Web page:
Villanova, PA, October 21, 2010 — Melding nursing and campus leadership is not new to Villanova nursing students but one senior, Megan A. Walsh, has put an even more unique spin on it. Walsh, the oldest of three children from Langhorne, PA. and the daughter of two Army officers, is the first nursing student to be the Battalion Commander of the University's Naval Reserve Officer Training Corps (NROTC) Unit, a role she assumed in Spring 2010 for this academic year.
"Nobody has really attempted this job so far because of the time commitment of the position, the hours necessary to commit to nursing clinical and class, and the amount of time required for planning, coordinating, and carrying out all NROTC events," explains Walsh. "I owe my ability to successfully carry out the semester to the help of my Executive Officer, Nicholas Moran, who is a senior marine option, and to the other dedicated members of the battalion staff." She is a humble, smart, talented —and very busy—student who also balances membership in Alpha Phi sorority and the campus club lacrosse team.
Why Naval ROTC? Walsh was inspired by the sister of a high school friend, Lt. Emily Karonis, '07 BSN who was then a Villanova Nursing student in NROTC. "She really introduced me to the relationship between Villanova and the Navy on campus and the important role of the nursing school in Villanova's Naval history," explains Walsh.
The NROTC experience complements the nursing leadership skills she continues to develop, as well as her clinical education. "ROTC enhances my nursing education by providing me with extensive summer training experiences. I came into clinical with experience and confidence after my summer training in a ship's hospital ward after my freshmen year, and at the Naval Medical Center in San Diego during this past summer," notes Walsh, where she was also able to shadow alumna Karonis. "After working in the naval hospital this past summer, I experienced the excellent reputation that Villanova Nurses have in the Navy, set by Villanova grads who are junior officers up to the Director of the Navy Nurse Corps and higher," she adds. Both training sessions essentially served as externships, providing her with hands-on experience treating general medical-surgical, obstetric and pediatric patients. It also exposed her to career options. She offers, "I would like to be stationed in NMC San Diego on either a postpartum, pediatric, or labor and delivery floor and eventually cross train into the NICU." She hopes to become a neonatal nurse practitioner.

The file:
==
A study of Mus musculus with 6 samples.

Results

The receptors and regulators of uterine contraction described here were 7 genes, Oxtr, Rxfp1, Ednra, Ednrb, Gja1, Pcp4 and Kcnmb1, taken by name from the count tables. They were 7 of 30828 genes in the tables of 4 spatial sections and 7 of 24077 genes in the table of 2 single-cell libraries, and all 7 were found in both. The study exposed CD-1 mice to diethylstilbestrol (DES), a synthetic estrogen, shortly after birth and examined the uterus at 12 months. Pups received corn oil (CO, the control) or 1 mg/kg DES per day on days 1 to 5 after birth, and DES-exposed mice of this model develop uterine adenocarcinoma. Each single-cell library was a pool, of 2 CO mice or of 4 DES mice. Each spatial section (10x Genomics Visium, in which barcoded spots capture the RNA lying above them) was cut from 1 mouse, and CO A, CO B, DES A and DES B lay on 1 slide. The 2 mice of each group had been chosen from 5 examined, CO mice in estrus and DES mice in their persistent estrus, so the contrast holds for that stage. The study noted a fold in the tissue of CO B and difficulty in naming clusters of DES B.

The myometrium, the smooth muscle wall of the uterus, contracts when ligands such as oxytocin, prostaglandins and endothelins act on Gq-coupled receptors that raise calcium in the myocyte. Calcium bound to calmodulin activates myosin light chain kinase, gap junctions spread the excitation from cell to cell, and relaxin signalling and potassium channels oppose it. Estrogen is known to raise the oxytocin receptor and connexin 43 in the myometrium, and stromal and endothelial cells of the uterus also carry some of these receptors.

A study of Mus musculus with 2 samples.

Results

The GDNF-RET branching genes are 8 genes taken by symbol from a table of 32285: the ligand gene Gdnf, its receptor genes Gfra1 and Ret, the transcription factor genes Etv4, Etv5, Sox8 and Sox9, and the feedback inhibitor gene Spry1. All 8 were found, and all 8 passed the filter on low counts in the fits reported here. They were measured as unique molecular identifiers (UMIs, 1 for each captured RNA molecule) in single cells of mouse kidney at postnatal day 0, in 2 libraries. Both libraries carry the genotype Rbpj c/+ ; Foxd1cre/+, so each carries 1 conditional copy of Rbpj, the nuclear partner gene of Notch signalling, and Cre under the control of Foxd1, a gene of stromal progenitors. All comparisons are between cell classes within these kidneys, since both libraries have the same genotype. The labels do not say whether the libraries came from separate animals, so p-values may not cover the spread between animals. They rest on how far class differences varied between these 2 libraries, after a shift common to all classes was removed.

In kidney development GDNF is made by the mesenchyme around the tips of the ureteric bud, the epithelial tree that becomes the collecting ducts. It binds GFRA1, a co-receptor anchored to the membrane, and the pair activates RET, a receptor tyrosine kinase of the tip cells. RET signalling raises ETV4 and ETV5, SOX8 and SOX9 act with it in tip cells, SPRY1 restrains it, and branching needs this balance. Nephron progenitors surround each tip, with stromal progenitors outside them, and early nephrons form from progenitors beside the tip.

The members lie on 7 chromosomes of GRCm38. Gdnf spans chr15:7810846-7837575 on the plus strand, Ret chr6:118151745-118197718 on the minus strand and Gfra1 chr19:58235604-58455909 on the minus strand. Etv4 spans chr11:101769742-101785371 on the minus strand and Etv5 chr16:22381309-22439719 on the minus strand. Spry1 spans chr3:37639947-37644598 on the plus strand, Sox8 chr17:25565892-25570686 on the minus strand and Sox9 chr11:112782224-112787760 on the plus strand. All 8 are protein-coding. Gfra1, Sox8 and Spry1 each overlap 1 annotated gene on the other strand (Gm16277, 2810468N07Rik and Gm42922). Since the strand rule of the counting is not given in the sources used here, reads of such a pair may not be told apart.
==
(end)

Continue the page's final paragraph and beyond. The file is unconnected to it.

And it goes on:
Walsh sees how she has grown with even sharper skills in time management, short- and long-term planning, risk management and delegation. "These are crucial to my nursing career in managing patient care and delegating to make sure everything is completed to a high standard during the shift," says Walsh, adding "I've also learned how to adapt myself and my leadership style to work with a variety of people. I've learned the importance of honing in on what motivates people in order to help them appreciate the importance of getting a task done."